The definition of “Artificial Nutrition and Hydration” according to the American Hospice Foundation is: a treatment intervention that delivers fluids and/or nutrition by means other than a person taking something in his/her mouth and swallowing it. Like any medical treatment there are benefits as well potential for complications. Associated risks include:

via Nasogastric Tube

  • Extreme discomfort and choking during and after placement
  • Risk of Aspiration Pneumonia due to tube
  • Potential for erosions, abrasions or perforations in the nasal passages, esophagus and stomach causing acute and chronic bleeding
  • If the patient is confused, he/she may need restraints to keep from pulling the tube out. Doing so can cause multiple problems including distress, agitation, skin breakdown and pneumonia due to immobility
  • via Gastrostomy Tube

  • Risks associated with anesthesia which is required for placement
  • Risk of infection of the abdominal wall and peritonitis
  • Gastrointestinal bleeding, blockage or perforation of the bowel
  • via Intravenous Fluids

  • Pain associated with insertion
  • Localized infection or cellulitis
  • Thrombophlebitis causing swelling and discomfort
  • Fluid overload causing swelling in the arms legs and body
  • So what’s the alternative? As written in the article “How Fluid Deprivation Affects the Terminally Ill” by Paul C. Rousseau, M.D., dehydration is not painful for the patient with studies showing that it is, in fact, beneficial. As death approaches, dehydration occurs naturally from inadequate oral intake, gastrointestinal and renal losses, and the loss of secretions from the skin and lungs. Transitory thirst, dry mouth and changes in mental status develop, but the headache, nausea, vomiting or cramps usually associated with water deprivation rarely occur. The mental changes, while upsetting to relatives, bring relief to the patient by lessening their awareness of suffering. This effect is caused by caloric deprivation stimulating the production of ketones. One drawback of dehydration is oral discomfort. To ease discomfort, saliva substitutes like moisturizers should be used along with frequent rinses with non-alcoholic mouthwashes, ice-chips and lip balms to soothe dry lips.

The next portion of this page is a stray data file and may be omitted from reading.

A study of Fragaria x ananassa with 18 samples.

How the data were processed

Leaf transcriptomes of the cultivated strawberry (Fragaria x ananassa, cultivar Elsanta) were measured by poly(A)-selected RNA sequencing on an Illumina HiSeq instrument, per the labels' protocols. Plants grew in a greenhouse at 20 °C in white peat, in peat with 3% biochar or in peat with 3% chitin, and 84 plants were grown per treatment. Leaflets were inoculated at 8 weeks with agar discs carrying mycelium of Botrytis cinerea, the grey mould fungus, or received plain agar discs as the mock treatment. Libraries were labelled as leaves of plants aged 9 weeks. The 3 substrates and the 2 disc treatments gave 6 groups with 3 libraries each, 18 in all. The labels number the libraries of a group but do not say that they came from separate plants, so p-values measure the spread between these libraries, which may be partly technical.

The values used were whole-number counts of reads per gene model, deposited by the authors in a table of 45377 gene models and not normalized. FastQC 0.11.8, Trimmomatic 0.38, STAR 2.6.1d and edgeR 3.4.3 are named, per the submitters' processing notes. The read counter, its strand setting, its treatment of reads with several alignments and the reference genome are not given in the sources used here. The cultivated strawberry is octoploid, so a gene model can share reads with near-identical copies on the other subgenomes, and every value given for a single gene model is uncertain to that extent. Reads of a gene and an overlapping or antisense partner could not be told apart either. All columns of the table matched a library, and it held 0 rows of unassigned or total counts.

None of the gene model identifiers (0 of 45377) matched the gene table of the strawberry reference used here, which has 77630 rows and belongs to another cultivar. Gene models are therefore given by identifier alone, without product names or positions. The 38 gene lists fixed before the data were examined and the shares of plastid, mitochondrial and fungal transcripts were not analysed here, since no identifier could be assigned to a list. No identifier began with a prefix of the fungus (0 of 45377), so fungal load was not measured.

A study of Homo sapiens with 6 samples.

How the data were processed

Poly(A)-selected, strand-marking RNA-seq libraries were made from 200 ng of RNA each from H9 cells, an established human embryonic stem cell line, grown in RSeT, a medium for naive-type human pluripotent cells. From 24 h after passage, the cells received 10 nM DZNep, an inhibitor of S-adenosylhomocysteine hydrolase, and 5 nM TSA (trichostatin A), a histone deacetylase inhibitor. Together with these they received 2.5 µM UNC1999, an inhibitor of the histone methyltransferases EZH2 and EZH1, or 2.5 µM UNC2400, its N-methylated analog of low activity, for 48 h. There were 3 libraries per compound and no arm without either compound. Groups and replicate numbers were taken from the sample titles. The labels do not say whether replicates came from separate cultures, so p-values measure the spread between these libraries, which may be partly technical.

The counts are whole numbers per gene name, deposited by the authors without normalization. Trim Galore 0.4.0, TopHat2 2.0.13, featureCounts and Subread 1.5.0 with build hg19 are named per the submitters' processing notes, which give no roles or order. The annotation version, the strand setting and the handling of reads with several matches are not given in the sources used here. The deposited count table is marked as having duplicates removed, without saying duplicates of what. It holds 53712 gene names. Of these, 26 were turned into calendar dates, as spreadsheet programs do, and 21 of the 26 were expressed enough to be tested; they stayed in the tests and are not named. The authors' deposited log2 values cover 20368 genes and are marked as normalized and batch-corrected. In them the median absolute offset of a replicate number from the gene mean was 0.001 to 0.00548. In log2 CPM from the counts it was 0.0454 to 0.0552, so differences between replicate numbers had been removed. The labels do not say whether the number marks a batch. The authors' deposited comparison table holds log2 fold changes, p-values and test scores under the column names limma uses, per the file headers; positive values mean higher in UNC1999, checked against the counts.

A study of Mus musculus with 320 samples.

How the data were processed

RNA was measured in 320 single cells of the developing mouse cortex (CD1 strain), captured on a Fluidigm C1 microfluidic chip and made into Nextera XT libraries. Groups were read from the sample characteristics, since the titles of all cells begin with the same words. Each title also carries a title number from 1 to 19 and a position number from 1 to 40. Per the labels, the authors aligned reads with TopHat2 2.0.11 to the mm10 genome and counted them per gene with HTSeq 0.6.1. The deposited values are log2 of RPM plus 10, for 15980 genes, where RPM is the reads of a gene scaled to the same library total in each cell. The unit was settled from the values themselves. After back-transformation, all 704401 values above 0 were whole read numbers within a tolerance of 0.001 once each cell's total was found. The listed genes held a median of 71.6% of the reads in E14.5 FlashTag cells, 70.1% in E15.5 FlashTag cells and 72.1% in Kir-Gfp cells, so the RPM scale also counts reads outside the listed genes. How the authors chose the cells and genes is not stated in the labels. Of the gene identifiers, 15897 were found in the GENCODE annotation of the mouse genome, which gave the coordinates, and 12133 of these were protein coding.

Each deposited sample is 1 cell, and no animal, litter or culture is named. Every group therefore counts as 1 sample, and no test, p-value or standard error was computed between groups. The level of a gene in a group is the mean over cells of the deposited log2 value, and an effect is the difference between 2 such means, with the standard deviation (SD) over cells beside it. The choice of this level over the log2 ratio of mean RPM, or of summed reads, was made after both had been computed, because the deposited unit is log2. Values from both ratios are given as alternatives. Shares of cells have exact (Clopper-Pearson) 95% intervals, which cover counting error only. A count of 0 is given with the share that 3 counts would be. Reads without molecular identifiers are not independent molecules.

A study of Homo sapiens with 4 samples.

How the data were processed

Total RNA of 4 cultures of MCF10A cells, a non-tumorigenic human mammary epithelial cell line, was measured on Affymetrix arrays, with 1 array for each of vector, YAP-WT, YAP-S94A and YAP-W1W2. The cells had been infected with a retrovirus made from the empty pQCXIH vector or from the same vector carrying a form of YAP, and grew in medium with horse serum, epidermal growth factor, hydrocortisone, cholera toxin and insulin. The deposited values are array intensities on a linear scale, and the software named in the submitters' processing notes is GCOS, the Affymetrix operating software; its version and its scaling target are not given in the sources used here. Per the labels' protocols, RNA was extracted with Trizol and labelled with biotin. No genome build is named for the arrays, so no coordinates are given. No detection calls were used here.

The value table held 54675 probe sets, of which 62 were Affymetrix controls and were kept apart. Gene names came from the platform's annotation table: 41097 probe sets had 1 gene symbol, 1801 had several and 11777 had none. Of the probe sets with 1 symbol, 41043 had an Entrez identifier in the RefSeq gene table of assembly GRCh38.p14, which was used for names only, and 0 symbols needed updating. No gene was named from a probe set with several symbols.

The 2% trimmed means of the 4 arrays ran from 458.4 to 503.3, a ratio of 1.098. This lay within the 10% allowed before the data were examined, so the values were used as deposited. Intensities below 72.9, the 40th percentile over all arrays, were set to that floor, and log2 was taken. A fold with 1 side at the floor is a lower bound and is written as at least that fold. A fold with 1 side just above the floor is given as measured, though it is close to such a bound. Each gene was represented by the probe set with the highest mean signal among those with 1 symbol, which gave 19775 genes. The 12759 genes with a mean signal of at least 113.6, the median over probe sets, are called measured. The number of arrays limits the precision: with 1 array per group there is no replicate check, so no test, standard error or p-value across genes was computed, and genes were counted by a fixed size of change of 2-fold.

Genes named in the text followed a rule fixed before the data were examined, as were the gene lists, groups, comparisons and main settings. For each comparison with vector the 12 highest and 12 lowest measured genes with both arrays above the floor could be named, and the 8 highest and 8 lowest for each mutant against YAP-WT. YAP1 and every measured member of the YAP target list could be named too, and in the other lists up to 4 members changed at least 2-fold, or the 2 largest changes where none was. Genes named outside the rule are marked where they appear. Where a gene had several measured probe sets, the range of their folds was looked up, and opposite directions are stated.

If it is decided that artificial nutrition bears more risks than benefits, love and nurturing can be expressed in other ways. A loving touch, gentle words, keeping their mouth, skin and lips moisturized and bringing beauty and warmth to the room can bring comfort to your loved one during the final stage of life. Sometimes the mere presence of family and friends can bring much comfort to the patient even if he/she is seemingly unaware.

    For questions or to learn more about Assisted Home Health & Hospice and the services we offer, call 800-949-6555 or visit us at www.assisted1.com.